Legal Recruitment from Ten-Percent Legal

Saturday, June 21, 2008

Interview question – are you ashamed of your 'new university' degree?

Believe it or not this question was asked in a recent Magic Circle firm in London of a student with a first class degree from a new university as opposed to a red brick university. It was in the context of a question about the status of the university and the achievement of gaining a first class degree. The interviewee admitted being very surprised at the question and felt that she may have come across as defensive when she heard it.

One of the things that came out of lecturing to students on an LPC course about CVs and interviews was to be prepared for questions like this, as they are regularly thrown into interviews. In fact, I am glad that I have heard about this because I often get queries from students and clients who have used our career coaching service as to why some of the questioning I undertake is quite hostile.

There is really no way to prepare yourself for a question like this without being asked critical questions by someone else and practice answering in an non-defensive or aggressive way. If you are asked a question like this, it is important to ensure that you retain the same cheerful composure that you had before the question, regardless of whether you want to attack the interviewer and inflict terrible injuries, and to ensure that your answer is as non-defensive as possible.

A good answer would be no, I am not ashamed of my degree as a first class degree on any course I feel is an achievement, and I am not sure that it makes any difference where the degree is from as to the status of it. Another thing to do if you have a first class degree is to ensure that you know the statistics from your university as to the number of students who receive a first class degree in any given year, or the number of students who have received a first class degree in the last five years on your particular course. I am pretty sure that most universities would be very happy to give you this information. If you have this it makes your answering a lot easier and a lot easier to cope with the question about a first class degree. I am not sure that this will be an issue for 95 percent of students, as the vast majority of us do not have first class degrees.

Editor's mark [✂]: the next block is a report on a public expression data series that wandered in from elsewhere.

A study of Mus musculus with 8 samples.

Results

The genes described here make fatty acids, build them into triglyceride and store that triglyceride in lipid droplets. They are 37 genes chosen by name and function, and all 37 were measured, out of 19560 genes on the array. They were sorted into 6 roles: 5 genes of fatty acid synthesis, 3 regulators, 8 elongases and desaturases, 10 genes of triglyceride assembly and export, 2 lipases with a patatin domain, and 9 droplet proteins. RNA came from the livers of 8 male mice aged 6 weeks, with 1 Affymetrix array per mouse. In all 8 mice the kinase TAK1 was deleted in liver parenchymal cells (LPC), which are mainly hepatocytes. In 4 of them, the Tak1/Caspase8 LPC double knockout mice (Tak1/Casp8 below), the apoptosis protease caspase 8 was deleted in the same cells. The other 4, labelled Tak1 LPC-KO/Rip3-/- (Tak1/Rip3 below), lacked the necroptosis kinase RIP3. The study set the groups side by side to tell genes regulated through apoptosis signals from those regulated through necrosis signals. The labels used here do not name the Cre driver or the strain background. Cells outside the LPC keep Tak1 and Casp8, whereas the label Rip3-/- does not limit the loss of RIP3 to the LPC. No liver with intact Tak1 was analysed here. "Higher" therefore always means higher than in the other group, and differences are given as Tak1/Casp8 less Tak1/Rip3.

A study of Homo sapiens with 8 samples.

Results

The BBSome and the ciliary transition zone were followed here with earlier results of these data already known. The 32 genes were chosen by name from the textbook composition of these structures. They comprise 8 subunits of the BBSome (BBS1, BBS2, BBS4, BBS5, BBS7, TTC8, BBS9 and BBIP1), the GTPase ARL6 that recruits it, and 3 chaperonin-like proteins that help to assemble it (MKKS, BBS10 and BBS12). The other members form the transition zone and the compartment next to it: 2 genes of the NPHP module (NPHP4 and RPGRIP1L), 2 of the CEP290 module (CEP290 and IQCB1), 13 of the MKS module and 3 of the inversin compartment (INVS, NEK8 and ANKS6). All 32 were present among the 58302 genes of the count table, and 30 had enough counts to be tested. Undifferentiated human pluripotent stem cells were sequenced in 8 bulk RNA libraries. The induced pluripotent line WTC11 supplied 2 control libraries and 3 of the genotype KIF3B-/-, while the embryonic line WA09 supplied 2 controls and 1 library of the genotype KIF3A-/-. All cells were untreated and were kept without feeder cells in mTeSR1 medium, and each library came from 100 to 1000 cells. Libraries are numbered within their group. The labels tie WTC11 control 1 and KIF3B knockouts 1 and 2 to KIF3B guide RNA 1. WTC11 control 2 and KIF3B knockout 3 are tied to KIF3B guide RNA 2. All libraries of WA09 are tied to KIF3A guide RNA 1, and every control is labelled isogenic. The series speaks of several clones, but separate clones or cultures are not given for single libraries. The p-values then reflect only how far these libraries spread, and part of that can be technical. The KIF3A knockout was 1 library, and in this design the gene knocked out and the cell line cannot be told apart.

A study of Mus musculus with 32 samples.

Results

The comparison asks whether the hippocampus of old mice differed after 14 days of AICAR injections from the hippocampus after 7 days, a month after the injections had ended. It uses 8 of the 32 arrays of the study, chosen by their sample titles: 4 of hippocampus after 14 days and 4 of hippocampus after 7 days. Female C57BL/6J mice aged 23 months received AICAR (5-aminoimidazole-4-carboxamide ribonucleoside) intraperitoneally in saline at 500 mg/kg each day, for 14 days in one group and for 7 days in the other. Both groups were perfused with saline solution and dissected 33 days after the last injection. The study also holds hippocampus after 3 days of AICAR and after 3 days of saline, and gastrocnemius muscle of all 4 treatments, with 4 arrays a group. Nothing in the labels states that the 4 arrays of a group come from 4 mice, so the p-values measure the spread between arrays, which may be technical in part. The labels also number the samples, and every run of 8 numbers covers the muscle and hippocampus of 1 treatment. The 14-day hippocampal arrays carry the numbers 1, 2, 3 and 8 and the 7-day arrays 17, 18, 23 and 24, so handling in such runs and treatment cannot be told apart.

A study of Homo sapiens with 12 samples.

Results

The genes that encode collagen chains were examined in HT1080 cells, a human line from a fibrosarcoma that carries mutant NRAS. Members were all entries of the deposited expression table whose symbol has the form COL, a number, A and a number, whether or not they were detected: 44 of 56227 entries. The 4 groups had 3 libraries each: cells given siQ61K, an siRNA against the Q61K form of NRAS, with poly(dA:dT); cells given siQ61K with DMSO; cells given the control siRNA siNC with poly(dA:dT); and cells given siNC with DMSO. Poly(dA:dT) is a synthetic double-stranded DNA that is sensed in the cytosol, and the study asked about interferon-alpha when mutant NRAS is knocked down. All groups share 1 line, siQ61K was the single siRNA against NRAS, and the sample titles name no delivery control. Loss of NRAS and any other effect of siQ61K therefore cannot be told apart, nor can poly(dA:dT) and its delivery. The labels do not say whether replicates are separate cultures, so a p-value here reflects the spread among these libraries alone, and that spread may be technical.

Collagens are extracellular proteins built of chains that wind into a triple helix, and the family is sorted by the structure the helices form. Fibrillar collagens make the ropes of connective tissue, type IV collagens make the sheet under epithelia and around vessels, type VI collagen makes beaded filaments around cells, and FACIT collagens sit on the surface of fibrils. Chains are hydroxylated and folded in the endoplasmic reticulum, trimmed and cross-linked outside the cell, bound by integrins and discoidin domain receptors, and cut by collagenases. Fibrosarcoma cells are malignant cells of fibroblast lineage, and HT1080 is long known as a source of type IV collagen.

However, if you are asked a similar question in interview, you have to think about why you’re being asked the question. The reason is that the interviewer probably wants to see how you handle it, and is not necessarily as interested in your answer as in the way you deal with it. If you adopt the somewhat aggressive nature that a lot of LLB and LPC graduates take when going to interviews because they believe this is what a lawyer should behave like, it is very easy to get tripped up with questions like this, as you will all to easily be quite angry and feel insulted by the questioning. The interviewer is seeing exactly how you handle it and whether you can maintain a good composure and appear nonplussed by the question. If you have a think about when you are in practice and you have an awkward client who asks you a question that you don’t like, then it is important to be able to answer in a dispassionate way without getting upset. This sort of questioning is very good at determining who is going to be able to handle these questions and who is going to struggle and get angry.

Jonathan Fagan is a recruitment consultant with Ten Percent Legal Recruitment (http://www.ten-percent.co.uk/). He takes an active interest in the recruitment process and regularly conducts career coaching for law students and graduates, details of which can be found on the website in the Career Centre.